Sylacauga City Schools handled the chaotic day well, though, getting every student and employee home or to a safe location by 6 p.m., despite the treacherous road conditions that left buses stalled, Superintendent Dr. Todd Freeman said.
“This was unexpected, obviously,” he said. “We do have procedures in place for a typical dismissal with buses, but where this became difficult was we couldn’t run bus services. The storm’s evolution occurred in such a fast manner that by the time we got bus drivers in, the roads were not safe for them to travel.”
Parents were traveling to schools “from all over the place” to pick up students, Freeman said. Some could not reach the schools, so School Resource Officer Willie Kidd and Student Services Coordinator Bobby Hall organized a plan to carry many students home from each of the system’s four schools. Freeman said their assistance was instrumental.
The 500-plus students at Indian Valley Elementary School were all home safely by about 5 p.m., according to Principal Monte Abner.
“I got the message about dismissal at 10:15, and I immediately started coordinating with my staff to feed lunch to all of our kids,” Abner said. “We knew many of them were going home where they wouldn’t have meals, so we wanted to make sure they were fed, and we got them all a meal within 45 minutes.”
Teachers and other staff assisted with check-outs, and by 3 p.m., there were only three students and four staff members left.
“We had room for chaos, but the teachers handled it very well,” Abner said. “Being a first-year principal, situations like this can be intimidating, because it’s not a common or typical occurrence, but we have brilliant people on staff who know how to handle these things. We were able to work together to get the job done.”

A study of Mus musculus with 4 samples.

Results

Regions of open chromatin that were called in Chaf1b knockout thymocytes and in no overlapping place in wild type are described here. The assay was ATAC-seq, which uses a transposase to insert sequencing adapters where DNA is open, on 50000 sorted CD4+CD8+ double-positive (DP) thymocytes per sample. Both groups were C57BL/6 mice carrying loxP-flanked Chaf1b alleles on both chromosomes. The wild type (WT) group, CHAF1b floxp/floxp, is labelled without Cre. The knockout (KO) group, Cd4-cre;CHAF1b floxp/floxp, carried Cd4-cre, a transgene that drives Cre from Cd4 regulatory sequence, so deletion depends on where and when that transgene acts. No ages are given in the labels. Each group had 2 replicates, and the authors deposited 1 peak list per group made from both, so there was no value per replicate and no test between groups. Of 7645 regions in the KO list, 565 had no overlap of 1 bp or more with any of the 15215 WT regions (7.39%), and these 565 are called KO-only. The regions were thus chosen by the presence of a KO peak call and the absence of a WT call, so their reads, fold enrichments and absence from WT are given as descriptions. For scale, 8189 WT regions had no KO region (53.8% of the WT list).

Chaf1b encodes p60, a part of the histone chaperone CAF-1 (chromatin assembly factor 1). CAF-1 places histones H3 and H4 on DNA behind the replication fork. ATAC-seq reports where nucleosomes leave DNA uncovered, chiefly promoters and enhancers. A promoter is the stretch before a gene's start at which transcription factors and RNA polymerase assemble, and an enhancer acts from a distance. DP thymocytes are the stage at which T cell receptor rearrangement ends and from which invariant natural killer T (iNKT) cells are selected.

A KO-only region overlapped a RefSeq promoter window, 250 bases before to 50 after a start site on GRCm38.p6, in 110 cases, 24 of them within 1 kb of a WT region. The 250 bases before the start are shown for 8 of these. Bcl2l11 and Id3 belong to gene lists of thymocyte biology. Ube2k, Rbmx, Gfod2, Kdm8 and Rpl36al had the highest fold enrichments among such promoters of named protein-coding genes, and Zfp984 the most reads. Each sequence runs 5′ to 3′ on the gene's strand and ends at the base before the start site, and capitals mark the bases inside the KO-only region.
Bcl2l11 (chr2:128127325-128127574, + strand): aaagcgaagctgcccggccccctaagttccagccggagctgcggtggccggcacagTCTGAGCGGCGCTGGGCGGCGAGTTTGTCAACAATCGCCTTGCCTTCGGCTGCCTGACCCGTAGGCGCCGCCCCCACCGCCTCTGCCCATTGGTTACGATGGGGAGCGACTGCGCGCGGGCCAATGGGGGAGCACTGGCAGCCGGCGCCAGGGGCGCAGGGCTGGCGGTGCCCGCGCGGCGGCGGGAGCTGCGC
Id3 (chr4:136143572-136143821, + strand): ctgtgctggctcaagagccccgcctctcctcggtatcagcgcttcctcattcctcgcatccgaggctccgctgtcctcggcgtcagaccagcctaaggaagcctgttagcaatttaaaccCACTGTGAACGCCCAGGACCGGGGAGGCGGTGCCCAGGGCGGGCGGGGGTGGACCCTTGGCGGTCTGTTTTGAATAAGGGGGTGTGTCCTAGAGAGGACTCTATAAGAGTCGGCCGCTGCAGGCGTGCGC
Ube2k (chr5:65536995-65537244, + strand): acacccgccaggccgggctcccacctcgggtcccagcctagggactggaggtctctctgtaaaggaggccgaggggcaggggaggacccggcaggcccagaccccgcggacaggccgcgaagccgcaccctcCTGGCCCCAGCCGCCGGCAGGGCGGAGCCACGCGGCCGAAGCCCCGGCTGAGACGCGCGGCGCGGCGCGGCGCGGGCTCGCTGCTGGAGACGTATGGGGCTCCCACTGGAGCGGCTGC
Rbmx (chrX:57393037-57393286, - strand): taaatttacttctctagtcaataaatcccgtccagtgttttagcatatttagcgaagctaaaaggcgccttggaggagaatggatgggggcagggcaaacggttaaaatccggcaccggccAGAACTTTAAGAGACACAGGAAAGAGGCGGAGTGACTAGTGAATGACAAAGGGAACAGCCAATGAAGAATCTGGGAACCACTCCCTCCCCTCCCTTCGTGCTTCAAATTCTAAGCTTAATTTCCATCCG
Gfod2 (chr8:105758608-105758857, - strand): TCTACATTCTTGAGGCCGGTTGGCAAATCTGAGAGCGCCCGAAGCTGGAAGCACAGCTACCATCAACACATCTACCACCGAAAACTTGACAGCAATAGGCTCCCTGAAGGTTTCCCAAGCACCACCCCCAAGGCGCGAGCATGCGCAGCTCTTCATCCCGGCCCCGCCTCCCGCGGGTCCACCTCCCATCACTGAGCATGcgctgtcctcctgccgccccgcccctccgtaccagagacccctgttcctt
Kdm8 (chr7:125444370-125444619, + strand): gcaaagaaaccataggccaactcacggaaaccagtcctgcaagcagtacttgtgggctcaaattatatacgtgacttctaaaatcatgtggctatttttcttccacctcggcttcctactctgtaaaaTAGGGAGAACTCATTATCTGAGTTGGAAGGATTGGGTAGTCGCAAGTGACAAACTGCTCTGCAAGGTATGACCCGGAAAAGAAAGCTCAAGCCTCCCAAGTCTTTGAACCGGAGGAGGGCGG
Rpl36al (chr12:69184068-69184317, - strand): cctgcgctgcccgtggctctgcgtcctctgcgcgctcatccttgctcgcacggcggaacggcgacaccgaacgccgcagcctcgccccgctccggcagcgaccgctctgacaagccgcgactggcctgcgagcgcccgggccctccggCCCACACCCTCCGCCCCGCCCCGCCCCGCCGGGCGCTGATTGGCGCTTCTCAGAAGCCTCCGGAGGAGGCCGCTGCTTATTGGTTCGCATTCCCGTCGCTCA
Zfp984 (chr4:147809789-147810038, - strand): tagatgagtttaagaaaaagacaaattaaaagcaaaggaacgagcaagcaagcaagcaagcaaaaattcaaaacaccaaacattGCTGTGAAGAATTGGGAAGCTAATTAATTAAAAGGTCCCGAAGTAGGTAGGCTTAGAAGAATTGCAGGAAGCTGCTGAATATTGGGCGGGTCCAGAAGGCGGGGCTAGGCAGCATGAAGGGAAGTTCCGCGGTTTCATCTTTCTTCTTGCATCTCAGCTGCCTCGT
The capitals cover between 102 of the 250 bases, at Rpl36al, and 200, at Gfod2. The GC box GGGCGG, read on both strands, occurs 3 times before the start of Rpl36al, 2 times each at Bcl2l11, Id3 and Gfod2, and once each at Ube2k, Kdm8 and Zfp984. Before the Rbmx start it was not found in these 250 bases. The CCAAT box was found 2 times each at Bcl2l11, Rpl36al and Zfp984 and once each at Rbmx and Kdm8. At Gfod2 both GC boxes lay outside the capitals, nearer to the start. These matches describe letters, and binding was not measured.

At Pinecrest Elementary School, things went well despite some traffic issues on the surrounding roads, Principal Gary Rivers said.
“We had some issues with parents making it up the hill to get to the back of school, where car-riders are usually picked up,” he said. “Buses usually pick up at the front, and since buses weren’t running, parents could come around front, so that worked out well for us.”
There were several wrecks in the area that stalled traffic, Rivers said.
“The backed-up traffic was our biggest issue,” he said. “At about 3:30, we still had 25 or 30 kids at the school, but Mr. Hall and Officer Kidd both have four-wheel drive SUVs, so they took some kids home. Everybody got home by 4:45 or 5.”
Rivers said the school “had plenty of food, and we were ready to spend the night if we needed to, but we were glad to get everyone home safely.”
Freeman said principals “handled their buildings very well” during the frenzied day. “They thought on their feet very fast to make sure kids were getting where they were supposed to be and parents were getting called.”
The central office offered support, but let each school work out its own dismissal, Freeman said, “and they did an outstanding job with that, coupled with what (Hall) and Officer Kidd were doing. It was a very good effort by everyone, given the circumstances.”
Rivers said the whole day “was an experience” and taught administrators and teachers a valuable lesson.
“We learned a lot from it,” he said. “We learned to expect the unexpected.”
Contact Emily McLain at firstname.lastname@example.org.